Plus: Don't miss Spotlight PA's free virtual event on the Whole-Home Repairs Program

This is Talk of the Town, a free weekly newsletter delivering top news from State College and the surrounding region.

February 22, 2024
Inside this edition: How Gov. Shapiro’s budget pitch could affect rural communities, a free virtual event on the Whole-Home Repairs Program, and Penn State trustees drop “Paterno Field,” for now.
Real quick: Gov. Josh Shapiro’s budget proposal would give rural areas a boost to invest in housing, address gaps in health care, and market the outdoor landscape, Spotlight PA’s Marley Parish reports.

A little more: As the populations of Pennsylvania’s rural counties shrink, officials hope future state spending can help slow projected losses by making investments that attract new residents and support local economies.

The $48.3 billion spending plan unveiled by Democratic Gov. Josh Shapiro earlier this month earmarks funding for multiple sectors important to rural areas. With that money, rural communities could expand access to medical services, improve aging housing stock, and market the outdoor landscape to generate local revenue.

Republican lawmakers say the governor’s budget proposal is fiscally irresponsible. However, some county officials think the plan proactively addresses projected population declines outlined in a Center for Rural Pennsylvania report released last fall.

While not every county — especially those in the northeast, where officials say the report uses pre-pandemic data and doesn’t reflect growth — agrees with the forecast, government and education officials who testified during a January hearing on the predictions believe it’s accurate and hope that targeted investments can help them get ahead of the situation.

“I hate to use the cliché, but if you build it, they will come,” McKean County Commissioner Thomas Kreiner, who testified during last month’s hearing, told Spotlight PA. “We have to give, especially the younger people, a reason to want to stay here.”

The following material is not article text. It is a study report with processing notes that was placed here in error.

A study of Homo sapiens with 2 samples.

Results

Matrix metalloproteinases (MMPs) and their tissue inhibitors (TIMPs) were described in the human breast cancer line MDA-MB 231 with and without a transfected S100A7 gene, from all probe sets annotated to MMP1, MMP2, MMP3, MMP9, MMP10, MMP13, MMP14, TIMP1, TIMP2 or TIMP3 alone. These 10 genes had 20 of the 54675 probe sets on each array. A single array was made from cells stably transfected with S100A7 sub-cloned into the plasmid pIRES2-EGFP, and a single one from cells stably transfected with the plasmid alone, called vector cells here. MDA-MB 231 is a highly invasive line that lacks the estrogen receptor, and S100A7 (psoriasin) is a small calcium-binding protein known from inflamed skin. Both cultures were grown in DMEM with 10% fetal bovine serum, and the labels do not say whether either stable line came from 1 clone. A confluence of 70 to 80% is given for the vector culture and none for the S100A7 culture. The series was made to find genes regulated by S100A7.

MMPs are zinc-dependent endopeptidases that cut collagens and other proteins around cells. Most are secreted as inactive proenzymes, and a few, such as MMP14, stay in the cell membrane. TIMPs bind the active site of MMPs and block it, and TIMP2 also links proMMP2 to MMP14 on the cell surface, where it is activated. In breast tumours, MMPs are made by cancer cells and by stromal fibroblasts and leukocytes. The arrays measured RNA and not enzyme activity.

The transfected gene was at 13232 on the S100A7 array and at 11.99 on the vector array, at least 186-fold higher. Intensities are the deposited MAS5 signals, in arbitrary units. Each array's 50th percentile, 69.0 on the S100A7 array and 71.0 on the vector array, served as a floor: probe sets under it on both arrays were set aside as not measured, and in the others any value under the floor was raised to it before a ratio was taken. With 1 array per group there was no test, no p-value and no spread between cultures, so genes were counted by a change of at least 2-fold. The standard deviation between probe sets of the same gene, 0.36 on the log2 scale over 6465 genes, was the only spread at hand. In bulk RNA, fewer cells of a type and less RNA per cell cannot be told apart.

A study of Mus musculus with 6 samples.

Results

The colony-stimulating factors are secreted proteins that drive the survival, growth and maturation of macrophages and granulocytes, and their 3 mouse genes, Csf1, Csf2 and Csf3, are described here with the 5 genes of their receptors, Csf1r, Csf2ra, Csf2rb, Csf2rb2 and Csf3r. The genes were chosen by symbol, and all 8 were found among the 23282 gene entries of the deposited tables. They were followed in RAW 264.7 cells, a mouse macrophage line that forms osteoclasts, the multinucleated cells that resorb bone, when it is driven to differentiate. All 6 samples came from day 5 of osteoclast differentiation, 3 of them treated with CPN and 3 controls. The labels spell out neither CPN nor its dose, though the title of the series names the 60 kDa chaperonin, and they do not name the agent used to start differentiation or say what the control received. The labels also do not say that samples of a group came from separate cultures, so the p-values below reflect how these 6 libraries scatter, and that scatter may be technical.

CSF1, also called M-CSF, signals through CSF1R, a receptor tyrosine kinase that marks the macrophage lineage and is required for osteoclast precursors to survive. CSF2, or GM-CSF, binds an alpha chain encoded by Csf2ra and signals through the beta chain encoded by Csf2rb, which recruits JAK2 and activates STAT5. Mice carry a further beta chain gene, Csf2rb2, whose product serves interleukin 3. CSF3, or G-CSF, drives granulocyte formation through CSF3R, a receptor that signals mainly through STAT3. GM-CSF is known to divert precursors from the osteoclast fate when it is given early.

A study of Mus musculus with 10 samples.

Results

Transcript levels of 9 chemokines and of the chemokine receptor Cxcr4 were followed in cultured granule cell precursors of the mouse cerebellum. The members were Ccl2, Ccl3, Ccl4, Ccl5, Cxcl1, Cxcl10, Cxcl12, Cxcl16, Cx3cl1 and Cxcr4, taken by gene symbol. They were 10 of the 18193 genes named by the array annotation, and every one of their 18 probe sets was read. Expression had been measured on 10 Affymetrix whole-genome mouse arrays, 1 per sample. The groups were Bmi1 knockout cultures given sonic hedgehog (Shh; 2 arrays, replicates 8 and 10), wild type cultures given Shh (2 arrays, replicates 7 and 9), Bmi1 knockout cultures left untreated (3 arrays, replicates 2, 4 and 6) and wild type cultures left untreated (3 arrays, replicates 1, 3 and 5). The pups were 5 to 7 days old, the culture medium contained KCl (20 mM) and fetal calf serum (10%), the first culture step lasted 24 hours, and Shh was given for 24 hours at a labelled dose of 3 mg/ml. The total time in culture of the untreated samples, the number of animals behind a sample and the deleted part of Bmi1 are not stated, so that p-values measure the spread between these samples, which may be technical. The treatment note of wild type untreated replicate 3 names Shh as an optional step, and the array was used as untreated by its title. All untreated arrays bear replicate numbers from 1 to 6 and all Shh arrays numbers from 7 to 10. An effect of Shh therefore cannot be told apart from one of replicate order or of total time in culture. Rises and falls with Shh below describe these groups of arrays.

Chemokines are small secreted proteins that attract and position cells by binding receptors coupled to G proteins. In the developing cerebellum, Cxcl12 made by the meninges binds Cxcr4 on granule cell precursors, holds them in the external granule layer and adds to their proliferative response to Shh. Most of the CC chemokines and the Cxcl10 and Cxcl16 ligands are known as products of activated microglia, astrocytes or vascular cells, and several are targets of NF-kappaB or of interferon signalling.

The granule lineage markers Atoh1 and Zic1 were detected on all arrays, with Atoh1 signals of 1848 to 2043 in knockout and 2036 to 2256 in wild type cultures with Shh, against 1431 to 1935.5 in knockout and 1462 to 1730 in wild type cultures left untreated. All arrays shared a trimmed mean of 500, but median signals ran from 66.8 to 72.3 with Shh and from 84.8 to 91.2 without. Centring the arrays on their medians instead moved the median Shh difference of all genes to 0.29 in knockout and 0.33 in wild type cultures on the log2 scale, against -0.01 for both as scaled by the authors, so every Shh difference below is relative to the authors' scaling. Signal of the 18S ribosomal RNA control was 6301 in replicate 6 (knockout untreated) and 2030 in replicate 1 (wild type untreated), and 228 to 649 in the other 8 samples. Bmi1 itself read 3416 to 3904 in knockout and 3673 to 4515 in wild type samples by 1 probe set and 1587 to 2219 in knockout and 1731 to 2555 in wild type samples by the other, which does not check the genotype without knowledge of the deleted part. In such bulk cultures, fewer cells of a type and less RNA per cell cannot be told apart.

Kyle Kopko, the Center for Rural Pennsylvania’s executive director, has encouraged policymakers to incorporate the report’s findings into local planning. Though the center doesn’t make direct policy recommendations, lawmakers sit on its board of directors.

State Sen. Gene Yaw (R., Lycoming) told Spotlight PA through a spokesperson that expected population decline “is bigger than a one-time budget issue.”

“In fact, it might be a five or 10-year effort. I’m working with my colleagues on the Center for Rural Pennsylvania board to address some of these issues,” he said.

The full story: Read more here.
» What to know about Shapiro’s pitch to legalize marijuana, its chances in the Pa. legislature, and more

» Pennsylvania mortgage program, closed for more than a year to resolve backlog, will reopen in March, officials say

» HOME IMPROVEMENTS: Join Spotlight PA TONIGHT from 6-7 p.m. ET on Zoom for a free panel discussion on the status and history of the Whole-Home Repairs program, and on how advocates want to see it improved. Register for the event here and submit your questions to events@spotlightpa.org.

» A deficit of experienced voting officials could mean trouble for Pa.’s 2024 election

» A bill to legalize syringe services in Pa. just passed a historic hurdle, but GOP opposition remains

» Pa. election 2024: The state Senate races to watch as Democrats seek the majority

» Trustees drop proposal to name Penn State football field after Joe Paterno in heated meeting

» Shapiro wants to tax skill games. He must first navigate Pa.’s wealthy, warring gambling interests.
A February snow in Pine Grove Mills, Centre County, via Amy Z.

» Courier Express: DuBois police chief put on paid leave

» SC: Developer again withdraws plan for Benner Township warehouse
» WPSU: Faculty Senate calls on Penn State for more info, involvement
» Collegian: PSU grad employees ‘alarmed’ by new budget model
» Mirror: RES Coal project to move forward in Hollidaysburg
» Wellsboro Gazette: $68M award to Tioga River restoration
Want us to list your event? Send it to us.

» Feb. 22: The Clearfield Revitalization Corp. hosts “Not Your Grandma's Bingo” in downtown Clearfield.

» Feb. 23: Live music, Valentine’s themed piñatas, and vendors highlight Art After Dark at the Southern Alleghenies Museum of Art Altoona in Blair County.

» Feb. 23-24: Penn State Competitive Ballroom and Latin Dance hosts its Snowball on Penn State’s campus in Centre County.

» Feb. 23-25: Central Pennsylvania’s “largest outdoor camping adventure” takes over the Blair County Convention Center for the Pennsylvania Adventure RV Expo.

» Feb. 24: The 12th annual Rock the 80’s Concert at The State Theatre, in Centre County, benefits the Bob Perks Fund.

» Feb. 24-25: The Penn State Powwow, a celebration of “community and spirituality,” takes place at the C3 Sports Complex in Centre County.
Support vital journalism for Pennsylvania. The future of local news is in your hands. Donate now.